I’ve always said I would take a bouquet of basil over flowers any day of the week. I’m so excited to finally spotlight my favorite herb! It’s most well known in Italian cuisine, but you’ll also find it in Indonesian, Thai and Vietnamese cuisine, as well.
There are two general types of basil: sweet, which is most common, and lime & lemon, which has a citrus flavor. It is a part of the mint family and resembles a peppermint leaf. It has an intoxicating aroma when the leaves are chopped or torn, complementing many dishes.
How Basil Earned the Title of King
Basil derived from the Greek word “basileus” which, In English, translates to the word King. But that’s not the only reason it’s the king of herbs. It’s rich in antioxidants and loaded with nutrients. Studies suggest basil can reduce inflammation and swelling, offering relief to people with arthritis. It has been shown to kill harmful molecules to prevent any damage from free radicals in the brain, heart and liver. It also inhibits the growth of harmful bacteria.
Cooking with Basil
Fresh basil is preferred over dried because it packs so much more flavor. Summer is the perfect time of year to find or grow fresh plants. Look for basil with vibrant leaves that are a nice green color. Stay away from plants that have dark spots or yellowing.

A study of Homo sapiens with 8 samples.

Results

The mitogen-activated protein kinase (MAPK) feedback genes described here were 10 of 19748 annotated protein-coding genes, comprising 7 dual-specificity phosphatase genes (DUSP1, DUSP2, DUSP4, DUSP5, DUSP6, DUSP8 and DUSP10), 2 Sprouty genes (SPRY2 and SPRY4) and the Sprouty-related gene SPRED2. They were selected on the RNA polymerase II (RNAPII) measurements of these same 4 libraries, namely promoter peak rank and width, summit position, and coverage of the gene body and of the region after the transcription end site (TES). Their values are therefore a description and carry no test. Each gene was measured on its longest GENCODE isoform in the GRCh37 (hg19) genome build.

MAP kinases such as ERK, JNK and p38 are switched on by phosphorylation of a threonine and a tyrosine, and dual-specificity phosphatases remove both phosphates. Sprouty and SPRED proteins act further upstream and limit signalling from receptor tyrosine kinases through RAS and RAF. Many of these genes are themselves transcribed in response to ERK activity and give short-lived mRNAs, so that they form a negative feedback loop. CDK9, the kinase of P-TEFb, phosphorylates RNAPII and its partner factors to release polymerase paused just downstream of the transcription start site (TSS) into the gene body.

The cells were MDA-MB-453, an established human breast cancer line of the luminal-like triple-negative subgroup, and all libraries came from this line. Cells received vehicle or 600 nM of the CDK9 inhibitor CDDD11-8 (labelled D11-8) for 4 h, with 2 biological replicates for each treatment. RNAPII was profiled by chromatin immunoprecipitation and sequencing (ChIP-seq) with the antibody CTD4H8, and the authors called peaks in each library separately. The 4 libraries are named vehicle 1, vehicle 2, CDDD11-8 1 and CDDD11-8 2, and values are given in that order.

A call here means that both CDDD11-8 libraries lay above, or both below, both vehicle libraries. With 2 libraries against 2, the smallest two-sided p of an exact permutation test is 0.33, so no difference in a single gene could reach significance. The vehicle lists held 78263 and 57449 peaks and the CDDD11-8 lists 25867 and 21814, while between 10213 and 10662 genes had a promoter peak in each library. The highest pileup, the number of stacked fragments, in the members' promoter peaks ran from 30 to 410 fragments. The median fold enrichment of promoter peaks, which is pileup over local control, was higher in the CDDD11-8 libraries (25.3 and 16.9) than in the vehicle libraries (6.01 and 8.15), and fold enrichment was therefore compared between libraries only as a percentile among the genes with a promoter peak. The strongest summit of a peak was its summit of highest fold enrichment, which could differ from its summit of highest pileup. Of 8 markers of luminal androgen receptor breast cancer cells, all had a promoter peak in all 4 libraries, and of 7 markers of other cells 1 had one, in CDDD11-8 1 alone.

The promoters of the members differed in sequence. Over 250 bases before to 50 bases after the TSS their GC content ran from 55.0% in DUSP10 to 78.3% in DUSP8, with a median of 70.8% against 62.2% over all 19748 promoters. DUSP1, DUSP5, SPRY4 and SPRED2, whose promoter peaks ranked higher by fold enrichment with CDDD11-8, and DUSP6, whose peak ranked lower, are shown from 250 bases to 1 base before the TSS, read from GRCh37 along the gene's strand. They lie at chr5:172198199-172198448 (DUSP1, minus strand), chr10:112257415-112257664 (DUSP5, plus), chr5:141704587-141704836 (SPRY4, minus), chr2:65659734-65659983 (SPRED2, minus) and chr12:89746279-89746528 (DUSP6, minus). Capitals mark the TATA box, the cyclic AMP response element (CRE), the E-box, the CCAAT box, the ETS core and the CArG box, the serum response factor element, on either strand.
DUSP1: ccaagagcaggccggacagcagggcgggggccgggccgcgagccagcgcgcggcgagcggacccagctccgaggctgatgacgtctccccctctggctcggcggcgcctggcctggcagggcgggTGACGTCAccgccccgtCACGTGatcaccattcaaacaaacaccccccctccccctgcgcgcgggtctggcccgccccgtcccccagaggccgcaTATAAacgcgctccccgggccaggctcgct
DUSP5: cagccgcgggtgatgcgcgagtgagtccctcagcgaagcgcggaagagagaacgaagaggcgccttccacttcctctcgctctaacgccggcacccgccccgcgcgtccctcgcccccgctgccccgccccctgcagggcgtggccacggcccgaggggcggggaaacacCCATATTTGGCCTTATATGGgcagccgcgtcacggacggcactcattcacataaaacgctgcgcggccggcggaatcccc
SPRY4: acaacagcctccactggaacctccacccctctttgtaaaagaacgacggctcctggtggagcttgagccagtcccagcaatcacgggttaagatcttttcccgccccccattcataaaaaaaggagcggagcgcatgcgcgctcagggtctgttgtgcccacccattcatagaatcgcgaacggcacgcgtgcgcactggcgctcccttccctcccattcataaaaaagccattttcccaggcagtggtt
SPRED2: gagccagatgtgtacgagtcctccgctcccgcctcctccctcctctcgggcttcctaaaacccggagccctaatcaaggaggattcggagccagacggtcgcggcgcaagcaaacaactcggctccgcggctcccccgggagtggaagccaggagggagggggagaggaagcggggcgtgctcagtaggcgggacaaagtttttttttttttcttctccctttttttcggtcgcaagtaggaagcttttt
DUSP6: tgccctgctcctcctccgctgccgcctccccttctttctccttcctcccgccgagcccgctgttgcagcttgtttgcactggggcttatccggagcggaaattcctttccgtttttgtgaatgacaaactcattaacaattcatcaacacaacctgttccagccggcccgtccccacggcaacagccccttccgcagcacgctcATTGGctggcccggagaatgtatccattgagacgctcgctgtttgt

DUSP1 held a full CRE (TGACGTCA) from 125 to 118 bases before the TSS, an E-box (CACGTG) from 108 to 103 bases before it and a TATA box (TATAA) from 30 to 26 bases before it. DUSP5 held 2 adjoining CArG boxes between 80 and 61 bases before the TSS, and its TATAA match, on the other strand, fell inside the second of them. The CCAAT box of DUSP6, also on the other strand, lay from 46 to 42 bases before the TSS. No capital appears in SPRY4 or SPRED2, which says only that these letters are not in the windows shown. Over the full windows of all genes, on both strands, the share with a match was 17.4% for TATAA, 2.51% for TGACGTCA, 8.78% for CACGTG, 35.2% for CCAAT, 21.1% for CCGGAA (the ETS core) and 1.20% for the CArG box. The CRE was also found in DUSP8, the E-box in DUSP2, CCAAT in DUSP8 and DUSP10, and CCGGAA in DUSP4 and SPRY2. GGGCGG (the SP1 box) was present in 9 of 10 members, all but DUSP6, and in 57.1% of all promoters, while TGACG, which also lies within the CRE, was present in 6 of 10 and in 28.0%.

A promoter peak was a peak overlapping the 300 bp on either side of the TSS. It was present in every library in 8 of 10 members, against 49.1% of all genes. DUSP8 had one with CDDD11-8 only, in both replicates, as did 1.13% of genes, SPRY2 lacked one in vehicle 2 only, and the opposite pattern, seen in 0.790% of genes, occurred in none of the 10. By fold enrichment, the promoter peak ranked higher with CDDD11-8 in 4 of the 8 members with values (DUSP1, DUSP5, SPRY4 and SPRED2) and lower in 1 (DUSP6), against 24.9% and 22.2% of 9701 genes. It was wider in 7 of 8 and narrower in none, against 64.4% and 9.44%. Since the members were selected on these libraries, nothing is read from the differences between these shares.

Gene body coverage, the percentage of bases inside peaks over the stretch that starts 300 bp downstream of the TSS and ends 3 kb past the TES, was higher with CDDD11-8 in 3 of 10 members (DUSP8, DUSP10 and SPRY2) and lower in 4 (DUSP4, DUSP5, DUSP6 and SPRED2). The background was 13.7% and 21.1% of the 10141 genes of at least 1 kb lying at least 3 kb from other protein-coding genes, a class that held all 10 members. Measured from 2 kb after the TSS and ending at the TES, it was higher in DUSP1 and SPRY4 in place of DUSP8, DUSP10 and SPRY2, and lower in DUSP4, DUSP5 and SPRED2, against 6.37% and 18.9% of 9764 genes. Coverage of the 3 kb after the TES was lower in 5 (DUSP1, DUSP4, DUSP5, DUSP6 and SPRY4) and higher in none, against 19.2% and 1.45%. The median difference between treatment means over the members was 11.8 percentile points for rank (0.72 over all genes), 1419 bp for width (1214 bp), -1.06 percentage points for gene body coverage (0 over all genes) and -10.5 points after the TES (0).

Store fresh basil in the refrigerator, with a somewhat damp paper towel wrapped around it. You can also freeze it in an airtight container or combine the basil with water or stock to use in future recipes.
If fresh basil is not available, choosing a spice store over what’s available in the supermarket tends to give you higher quality, more flavorful options (I use Spices for Less). Be sure it’s kept in a cool, dry place and it will stay fresh for about six months.
When cooking with basil, be sure to add it towards the end of the cooking time so you get the most flavor from it.
Basil’s most popular dish is pesto. Standard pesto can be a bit high in fat, so I’ve made a low-fat version that you’ll absolutely love!